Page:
Remote work can open up your life in a lot of ways. You can spend more time with your friends, kids, and loved ones, sleep later, cut the commute, and save on takeout expenses.
But working remotely can also present logistical challenges when it comes to traveling, camping, and backpacking.
Sometimes, remote work needs to come with you on the road. How are you supposed to fit it in between driving, hiking, cooking, and everything else that comes with a good camping trip? And how are you supposed to keep your laptop charged and hop on video calls when you’re in the middle of the woods, far away from any signal or electrical outlets?
Fear not — thousands of people work remotely while camping, traveling, and generally living their best lives every year. If they can figure it out, you can too! With these simple steps, you’ll be up and running (remotely) in no time.
1. Choose the Right Campsite
The most pivotal choice you’ll make on any camping trip is where you choose to set up camp. It could be several places as you backpack across a range of hills, or you could set up your tents, hammock, and workspace near a lake and stay for two weeks.
No matter how you choose to camp, where you choose to do it makes all the difference. Since you’ll be working remotely, you need to bump that factor to the top of your consideration list. Someone in your party might want to camp as far into the woods as possible — if that means you can’t get a data signal, then too bad.
Luckily, mobile data hotspots make it possible to get coverage much further off-grid than even a few years. Just make sure you up your data plan in advance!
Work doesn’t have to come before play, but in this instance, you may need to make some compromises to get the balance just right.
2. Make Sure You Have a Reliable Power Source
The second most important decision is how you’ll power and charge your electronics. Working from home is all about devices and services — smartphones, laptops, and mobile hotspots. Have you thought about how you’re going to charge them all? Surely you won’t be driving into town to get a charge at a coffee shop or library and then driving back.
The solution? Solar generators. These little devices can store power and recharge from various sources—wall outlets, car batteries, and solar panels.
Bringing a portable solar generator with you when camping under the big sky in the spring and summer months is a great idea.
You can generate power by day and at night, use it to power cooking devices, a cooler, a blender for margaritas, and charge up your devices for tomorrow’s shift.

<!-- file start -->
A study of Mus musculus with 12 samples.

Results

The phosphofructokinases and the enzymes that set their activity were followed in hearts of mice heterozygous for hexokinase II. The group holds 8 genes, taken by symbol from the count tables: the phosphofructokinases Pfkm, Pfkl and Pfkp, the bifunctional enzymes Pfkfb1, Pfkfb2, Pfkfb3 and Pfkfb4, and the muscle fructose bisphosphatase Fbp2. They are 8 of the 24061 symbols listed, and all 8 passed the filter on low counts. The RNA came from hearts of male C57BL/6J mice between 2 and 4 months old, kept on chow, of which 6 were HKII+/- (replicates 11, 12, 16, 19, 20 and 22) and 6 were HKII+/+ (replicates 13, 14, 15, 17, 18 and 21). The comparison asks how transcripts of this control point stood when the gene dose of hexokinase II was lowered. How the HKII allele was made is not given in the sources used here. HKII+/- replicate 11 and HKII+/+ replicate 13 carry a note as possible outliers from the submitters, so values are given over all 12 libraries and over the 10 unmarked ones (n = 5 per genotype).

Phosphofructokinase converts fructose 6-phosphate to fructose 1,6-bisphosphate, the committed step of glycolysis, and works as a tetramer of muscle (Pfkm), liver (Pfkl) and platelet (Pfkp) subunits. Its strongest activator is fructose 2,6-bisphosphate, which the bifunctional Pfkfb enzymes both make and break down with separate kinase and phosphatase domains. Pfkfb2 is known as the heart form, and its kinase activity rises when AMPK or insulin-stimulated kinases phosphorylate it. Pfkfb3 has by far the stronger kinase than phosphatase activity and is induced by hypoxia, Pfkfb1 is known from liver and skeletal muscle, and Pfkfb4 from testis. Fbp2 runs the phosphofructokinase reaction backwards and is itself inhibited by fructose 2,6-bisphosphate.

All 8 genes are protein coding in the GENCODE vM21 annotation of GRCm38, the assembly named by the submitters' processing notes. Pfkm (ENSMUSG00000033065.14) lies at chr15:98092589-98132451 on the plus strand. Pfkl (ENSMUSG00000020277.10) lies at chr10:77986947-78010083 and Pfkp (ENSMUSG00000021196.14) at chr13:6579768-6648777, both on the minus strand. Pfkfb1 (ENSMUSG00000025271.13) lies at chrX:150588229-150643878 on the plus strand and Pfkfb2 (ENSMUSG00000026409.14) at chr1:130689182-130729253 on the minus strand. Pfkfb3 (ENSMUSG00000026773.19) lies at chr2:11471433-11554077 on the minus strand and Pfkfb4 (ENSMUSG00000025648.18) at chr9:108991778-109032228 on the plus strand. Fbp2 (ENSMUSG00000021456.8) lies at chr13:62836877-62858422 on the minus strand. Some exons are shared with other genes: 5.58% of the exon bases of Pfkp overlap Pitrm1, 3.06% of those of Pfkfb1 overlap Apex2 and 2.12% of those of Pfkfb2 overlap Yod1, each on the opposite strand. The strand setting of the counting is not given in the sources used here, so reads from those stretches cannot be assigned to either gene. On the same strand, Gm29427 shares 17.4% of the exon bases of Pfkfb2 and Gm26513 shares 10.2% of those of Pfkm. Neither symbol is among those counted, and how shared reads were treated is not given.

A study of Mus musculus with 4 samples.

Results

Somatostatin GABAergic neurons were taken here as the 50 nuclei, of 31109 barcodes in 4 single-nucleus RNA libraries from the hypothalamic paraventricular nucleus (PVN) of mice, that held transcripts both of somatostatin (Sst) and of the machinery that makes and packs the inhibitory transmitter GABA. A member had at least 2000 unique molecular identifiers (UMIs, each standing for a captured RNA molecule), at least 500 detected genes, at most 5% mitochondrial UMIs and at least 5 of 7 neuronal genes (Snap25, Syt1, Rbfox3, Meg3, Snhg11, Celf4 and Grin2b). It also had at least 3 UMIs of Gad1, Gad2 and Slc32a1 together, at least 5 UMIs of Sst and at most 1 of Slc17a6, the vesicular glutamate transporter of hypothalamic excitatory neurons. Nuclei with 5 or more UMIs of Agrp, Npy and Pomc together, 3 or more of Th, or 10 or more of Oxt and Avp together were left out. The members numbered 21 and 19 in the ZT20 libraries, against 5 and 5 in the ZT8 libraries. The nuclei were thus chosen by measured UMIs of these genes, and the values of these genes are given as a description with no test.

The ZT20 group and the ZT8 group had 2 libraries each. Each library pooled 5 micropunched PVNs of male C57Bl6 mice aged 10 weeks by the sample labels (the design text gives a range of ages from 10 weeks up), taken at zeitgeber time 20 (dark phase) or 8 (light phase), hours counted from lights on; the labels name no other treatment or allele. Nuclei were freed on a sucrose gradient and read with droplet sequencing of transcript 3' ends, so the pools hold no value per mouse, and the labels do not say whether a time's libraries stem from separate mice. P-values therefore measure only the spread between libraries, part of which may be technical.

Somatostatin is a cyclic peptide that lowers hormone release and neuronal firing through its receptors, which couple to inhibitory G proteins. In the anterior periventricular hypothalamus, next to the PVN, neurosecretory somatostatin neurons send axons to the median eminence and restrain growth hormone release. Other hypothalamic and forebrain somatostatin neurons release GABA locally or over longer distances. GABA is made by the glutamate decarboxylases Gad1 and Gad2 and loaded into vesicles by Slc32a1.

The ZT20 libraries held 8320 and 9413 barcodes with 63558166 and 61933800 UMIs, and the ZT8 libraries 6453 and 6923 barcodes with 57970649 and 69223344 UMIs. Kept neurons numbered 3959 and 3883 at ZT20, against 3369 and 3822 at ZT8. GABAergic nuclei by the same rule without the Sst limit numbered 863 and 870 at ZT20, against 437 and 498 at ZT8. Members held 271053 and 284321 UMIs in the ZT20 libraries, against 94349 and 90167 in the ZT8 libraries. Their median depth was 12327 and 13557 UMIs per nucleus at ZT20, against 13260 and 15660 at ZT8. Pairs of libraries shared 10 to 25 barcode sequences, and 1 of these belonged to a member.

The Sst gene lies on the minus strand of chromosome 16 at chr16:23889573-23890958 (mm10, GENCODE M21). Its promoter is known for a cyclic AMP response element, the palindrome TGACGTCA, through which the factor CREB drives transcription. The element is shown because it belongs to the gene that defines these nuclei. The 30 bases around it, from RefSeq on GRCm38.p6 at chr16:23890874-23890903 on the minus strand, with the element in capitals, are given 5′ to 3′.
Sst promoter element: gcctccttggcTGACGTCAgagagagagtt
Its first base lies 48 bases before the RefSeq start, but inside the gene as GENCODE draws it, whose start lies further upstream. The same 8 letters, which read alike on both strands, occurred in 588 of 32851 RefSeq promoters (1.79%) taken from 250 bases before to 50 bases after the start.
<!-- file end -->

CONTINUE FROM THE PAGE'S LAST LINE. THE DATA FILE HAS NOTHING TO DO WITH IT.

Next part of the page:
3. Set up a Decent Wi-Fi Hotspot
We tend to take mobile, roaming internet for granted. But according to the United Nations, over a third of the world’s population has never even accessed the internet!
If you’re lucky enough to be able to work from home, chances are you haven’t stopped to appreciate the genuinely staggering power of mobile internet access. When working while camping, potentially off the grid, you may learn a new appreciation for Wi-Fi, given how hard it can be to secure.
Luckily, technology has advanced significantly in recent years. Wi-Fi hotspots retail for very affordable costs. Also, when using a hotspot, you’ll want to double up on the security and password-protect it to the hilt — Wi-Fi is one of the main ways hackers get into your devices.
4. Arrange Your Work Space
Setting up your workspace will establish the mood that carries you through your remote work shifts. Do it wisely, and be gentle to yourself. If you’re “glamping,” as some call it, think about what you need to make it through each day’s tasks.
You’ll want a steady water supply on hand, so keep a cooler at a short walking distance from your workspace — not close to it! Intentionally setting it at a distance will make you get up and retrieve the water, giving you a chance to stretch and move around.
Also, as with any campsite, it’s best to keep snacks away from where you sleep. Storing food at a distance and in airtight containers reduces the chance that hungry bears will come searching in your sleeping area or workspace.
You’ll also need a comfortable chair, a flat surface for your laptop, and possibly a little fan if it’s hot outside.
5. Set Boundaries
Your supervisor and coworkers need to know your limits. You can do everything imaginable to prepare for working from the road. You can buy a solar generator, secure a data signal, and fully charge all your devices. Things can still go wrong.
Rain can pour down, or the signal can falter. Just let your colleagues and supervisors know that you may need a bit of grace — they’ll understand.
6. Get Sun Protectant for Your Laptop
It’s easy for devices like laptops to overheat. It doesn’t take too much sun exposure to damage the encasing material, the keyboard, and especially the sensitive screen.
If you don’t have a natural source of shade, like a tree, overhang, or the RV/tent itself, you can buy an inexpensive, portable canopy for your laptop.
7. Don’t Forget to Enjoy the Beautiful Outdoors
Finally, you’re camping!
Don’t spend the whole time on the computer!
Enjoy your lunch break away from screens. Spend your mornings with coffee as far away from technology as you can.
Nature time is vital to mental health. Write your downtime off as therapy!
Working remotely while camping is all about preparation—a reliable power source is a big part of that!
These devices are great for more than just remote working while traveling and camping.
Bring them to your next picnic, and count on them the next time the power goes out.